Jefferies writing his own comeback story after surgery

Sports

This California League baseball season has already been a special one for Central Valley native Daulton Jefferies. 

“It’s kind of surreal being out here,” said Jefferies. 

When we caught up with Jefferies, he was a pitcher for the Stockton Ports, the California League High-A affiliate of the Oakland Athletics, which means recently, he’s been pitching in some familiar places. Last Thursday for example, he started on the mound for the Ports against the Rawhide at Recreation Ballpark in Visalia. 

“I think I came here once when I was a little kid,” said Jefferies about the Rawhide’s home ballpark.  

He’s also pitched in the Ports home ballpark in Stockton several times this season, which has been a big celebration for friends and family from his hometown of Atwater, only about an hour away.  

“I think the whole town of Atwater was there (for his first start),” said Jefferies.  “The beer prices certainly went up.” 

But pitching near his hometown is just part of what is making this season extra special. 

“My mentality this year is, I am so lucky to be able to be on this field and play with these guys, and play baseball and throw a ball,” said Jefferies. 

Thowing a ball well is something he did really well growing up in Atwater, and by his senior year of high school, he was a bona fide star, striking out nearly two batters per inning in his final season at Buhach Colony.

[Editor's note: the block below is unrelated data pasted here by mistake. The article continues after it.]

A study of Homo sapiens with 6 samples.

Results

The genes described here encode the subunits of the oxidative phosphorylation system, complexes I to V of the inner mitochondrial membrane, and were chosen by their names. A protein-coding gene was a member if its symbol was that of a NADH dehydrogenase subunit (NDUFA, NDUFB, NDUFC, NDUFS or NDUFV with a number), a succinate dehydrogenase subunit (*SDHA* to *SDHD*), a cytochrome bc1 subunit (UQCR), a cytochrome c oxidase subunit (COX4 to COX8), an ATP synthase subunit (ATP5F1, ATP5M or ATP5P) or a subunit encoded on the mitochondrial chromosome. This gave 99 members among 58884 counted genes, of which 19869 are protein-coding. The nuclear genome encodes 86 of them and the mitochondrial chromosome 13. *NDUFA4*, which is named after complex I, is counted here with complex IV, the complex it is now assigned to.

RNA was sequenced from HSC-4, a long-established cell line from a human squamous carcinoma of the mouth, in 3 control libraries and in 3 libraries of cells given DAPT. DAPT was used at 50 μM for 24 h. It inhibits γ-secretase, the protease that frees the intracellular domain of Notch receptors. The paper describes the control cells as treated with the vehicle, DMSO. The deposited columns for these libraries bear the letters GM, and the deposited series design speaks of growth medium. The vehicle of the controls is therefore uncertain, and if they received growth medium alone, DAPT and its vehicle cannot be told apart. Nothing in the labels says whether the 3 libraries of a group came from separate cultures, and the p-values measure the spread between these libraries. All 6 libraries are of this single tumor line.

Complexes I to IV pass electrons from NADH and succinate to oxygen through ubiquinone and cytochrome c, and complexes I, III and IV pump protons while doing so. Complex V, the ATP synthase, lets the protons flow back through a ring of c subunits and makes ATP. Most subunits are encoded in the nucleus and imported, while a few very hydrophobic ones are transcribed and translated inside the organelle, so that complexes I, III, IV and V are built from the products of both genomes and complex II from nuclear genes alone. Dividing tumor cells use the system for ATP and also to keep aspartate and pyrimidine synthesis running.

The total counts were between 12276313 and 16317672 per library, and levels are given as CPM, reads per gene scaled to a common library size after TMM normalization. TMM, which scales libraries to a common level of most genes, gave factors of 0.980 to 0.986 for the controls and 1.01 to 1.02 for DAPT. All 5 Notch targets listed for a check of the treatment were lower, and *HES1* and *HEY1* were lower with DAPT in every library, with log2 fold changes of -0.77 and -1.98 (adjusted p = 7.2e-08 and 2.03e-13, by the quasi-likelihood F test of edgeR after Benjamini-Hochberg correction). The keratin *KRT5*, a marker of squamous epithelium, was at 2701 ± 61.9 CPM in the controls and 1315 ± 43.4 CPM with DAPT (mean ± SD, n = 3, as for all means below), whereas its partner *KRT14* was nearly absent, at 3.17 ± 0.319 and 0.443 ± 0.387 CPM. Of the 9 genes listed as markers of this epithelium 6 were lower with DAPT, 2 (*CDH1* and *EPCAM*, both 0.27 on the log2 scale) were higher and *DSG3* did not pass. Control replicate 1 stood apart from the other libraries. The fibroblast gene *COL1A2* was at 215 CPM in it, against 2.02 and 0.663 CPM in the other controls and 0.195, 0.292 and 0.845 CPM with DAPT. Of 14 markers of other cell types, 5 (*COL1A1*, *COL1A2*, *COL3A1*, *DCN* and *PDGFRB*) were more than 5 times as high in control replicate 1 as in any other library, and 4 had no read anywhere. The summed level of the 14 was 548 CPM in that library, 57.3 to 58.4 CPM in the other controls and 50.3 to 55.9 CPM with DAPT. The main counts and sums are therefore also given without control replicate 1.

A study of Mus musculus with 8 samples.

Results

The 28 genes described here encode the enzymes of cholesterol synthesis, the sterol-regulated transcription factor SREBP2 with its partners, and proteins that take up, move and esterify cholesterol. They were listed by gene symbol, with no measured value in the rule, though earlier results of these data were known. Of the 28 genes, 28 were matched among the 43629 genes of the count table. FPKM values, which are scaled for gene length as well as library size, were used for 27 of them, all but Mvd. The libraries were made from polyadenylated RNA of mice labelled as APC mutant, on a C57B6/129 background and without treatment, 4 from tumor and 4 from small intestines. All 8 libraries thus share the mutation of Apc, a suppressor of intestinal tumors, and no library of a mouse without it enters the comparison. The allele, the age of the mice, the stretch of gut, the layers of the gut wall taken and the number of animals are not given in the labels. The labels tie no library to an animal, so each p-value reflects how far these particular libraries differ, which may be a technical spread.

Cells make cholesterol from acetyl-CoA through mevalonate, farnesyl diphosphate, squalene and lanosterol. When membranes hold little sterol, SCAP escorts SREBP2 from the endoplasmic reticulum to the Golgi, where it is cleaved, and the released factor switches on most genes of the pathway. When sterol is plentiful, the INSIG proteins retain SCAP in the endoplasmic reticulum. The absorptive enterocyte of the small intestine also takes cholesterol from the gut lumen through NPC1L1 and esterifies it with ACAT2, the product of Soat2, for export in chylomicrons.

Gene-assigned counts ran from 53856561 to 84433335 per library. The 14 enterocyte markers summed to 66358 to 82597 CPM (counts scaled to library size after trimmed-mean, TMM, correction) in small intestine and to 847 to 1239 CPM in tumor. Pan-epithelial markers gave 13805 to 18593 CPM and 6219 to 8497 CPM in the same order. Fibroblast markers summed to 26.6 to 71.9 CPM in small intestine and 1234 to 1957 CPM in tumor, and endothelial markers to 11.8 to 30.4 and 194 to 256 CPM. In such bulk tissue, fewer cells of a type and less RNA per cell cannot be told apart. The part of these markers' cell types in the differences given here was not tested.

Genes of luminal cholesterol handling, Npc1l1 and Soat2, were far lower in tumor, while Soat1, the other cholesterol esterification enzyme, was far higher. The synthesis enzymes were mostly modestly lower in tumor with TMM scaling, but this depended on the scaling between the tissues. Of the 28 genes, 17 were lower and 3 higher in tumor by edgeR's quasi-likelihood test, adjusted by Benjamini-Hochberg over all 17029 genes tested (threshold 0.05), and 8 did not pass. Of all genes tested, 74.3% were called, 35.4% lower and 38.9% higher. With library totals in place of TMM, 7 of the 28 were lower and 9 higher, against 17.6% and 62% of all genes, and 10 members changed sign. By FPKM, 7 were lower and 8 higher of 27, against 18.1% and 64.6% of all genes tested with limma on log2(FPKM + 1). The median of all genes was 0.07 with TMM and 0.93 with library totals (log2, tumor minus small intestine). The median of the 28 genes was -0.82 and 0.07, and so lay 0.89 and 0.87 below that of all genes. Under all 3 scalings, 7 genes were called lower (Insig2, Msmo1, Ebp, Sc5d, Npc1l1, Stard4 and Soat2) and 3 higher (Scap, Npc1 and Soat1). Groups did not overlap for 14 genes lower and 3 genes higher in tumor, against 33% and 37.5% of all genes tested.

And that success continued on in college, where he played for USA Baseball’s Collegiate National Team, and then went 7-0 with a 1.08 ERA in his final season at Cal as a junior.   

That talent got him taken by Oakland with the 37th overall pick in the 2016 Major League Baseball draft. 

But just as his professional career was getting going, adversity struck, in the form of tightness in his right elbow while pitching for Stockton in April of 2017. 

“My dad always said ‘you can throw through pain, but you can’t throw hurt,'” said Jefferies. 

What followed was Tommy John surgery, in which you basically get a new elbow ligament, and then 18 months of rehab. 

“There are some down times, where you go through some anxiety or depression,” said Jefferies, who went 4-5 months after the surgery without throwing a baseball at all. 

With the help of a great support system though, he eventually worked his way back to health, and back to the California League this spring, where he made his season debut for Stockton on April 4th. 

“I looked around, took it all in, got kind of emotional,” said Jefferies about his season debut.   

Daulton is starting to show why the Athletics used a first-round pick on him three years ago, posting an ERA of 2.40 with 21 strikeouts in only 15 innings pitched, through his first five appearances this season.

As he marches on towards a bright future though, Jefferies continues to be motivated by his recent past. 

He has “4-26-17,” the date of his surgery, permanently written on his cleats.  

“Some guys get tattoos on their scars, but I’m too big of a sissy to do that,” laughed Jefferies.  “Just to overcome all that adversity, it’s very satisfying.” 

**** UPDATE ****

After his start against the Rawhide last Thursday, Daulton was called up to Double-A by the Athletics, and he made his first start for Midland against Tulsa on Wednesday. 

He should feel right at home in Midland, Texas, just like he felt at home pitching here in the Valley for Stockton, cause his mother lives in Midland now.